The process of cooking, baking, and preparing food is essentially an applied science. Anthropologists and historians speculate that cooking originated when a pen holding pigs or other livestock caught fire or a piece of the day’s catch of mammoth fell into the fire pit. The smell of roasted meat must have enticed early people to “try it”; the curious consumers found culinary and nutritional benefits to this new discovery. The molecular changes that occurred during cooking made the meat more digestible and the protein and carbohydrates more readily available as nutrients. Contaminating microbes were eliminated during cooking, which made the consumers healthier and able to survive. Moreover, the food was tastier due to the heat‐induced chemical reactions between the oxygen in the air and the fat, proteins, and sugar in the meat. Harnessing the knowledge of what is happening to our food at the molecular level is something that good scientists and chefs use to create new appetizing food and cooking techniques.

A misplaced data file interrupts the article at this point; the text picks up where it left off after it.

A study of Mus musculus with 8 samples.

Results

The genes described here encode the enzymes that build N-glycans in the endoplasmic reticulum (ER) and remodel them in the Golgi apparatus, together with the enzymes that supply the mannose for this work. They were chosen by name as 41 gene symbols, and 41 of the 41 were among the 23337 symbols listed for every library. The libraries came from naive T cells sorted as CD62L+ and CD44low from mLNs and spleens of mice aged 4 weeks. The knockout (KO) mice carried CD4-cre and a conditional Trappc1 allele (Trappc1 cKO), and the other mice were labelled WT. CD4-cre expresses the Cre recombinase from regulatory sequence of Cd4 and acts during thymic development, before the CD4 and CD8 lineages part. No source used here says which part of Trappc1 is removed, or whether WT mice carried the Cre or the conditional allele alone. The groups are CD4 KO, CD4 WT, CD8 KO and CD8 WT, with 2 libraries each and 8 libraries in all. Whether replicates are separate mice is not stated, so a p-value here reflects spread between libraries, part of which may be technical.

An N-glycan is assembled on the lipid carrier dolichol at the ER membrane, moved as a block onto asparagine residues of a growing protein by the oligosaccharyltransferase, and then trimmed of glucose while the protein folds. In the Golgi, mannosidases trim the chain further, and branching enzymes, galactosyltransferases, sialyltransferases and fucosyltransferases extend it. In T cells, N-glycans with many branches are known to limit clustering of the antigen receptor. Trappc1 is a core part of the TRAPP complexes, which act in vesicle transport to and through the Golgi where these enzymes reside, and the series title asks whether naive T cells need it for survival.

Preparing food and drink is mostly a process of changing the chemical and physical nature of the food. Molecules react to form new compounds; heat changes the nature of how food molecules function and interact with each other, and physical change brings about new textures and flavors to what we eat. To get a better appreciation for these chemical and physical processes, a fundamental understanding of the building blocks of food and cooking must first be understood.
This unit is an attempt to inform high school students about some of the fundamental concepts that constitute this important area of science - the food chemistry. Students will review the concepts of chemical compounds, mixtures (solutions, suspensions, colloids and emulsions), physical and chemical changes and learn about food chemistry. They will also learn about some of the most important organic chemistry compounds, the hydrocarbon derivatives or functional groups.
This unit will be tied into students’ chemistry courses, strengthening their knowledge of organic chemistry and preparing them for future college biochemistry, general and organic chemistry classes. The lesson plans require about 12 class periods and cover the concepts of covalent bonds (single, double and triple bonds), functional groups (alcohols, aldehydes and ketones, carboxylic acids, esters, amines, amides) and mixtures (suspensions, colloids, and emulsions). The last lesson is going to cover the basic concepts of hydrophilicity, hydrophobicity, and amphiphilicity of different molecules mixed with water.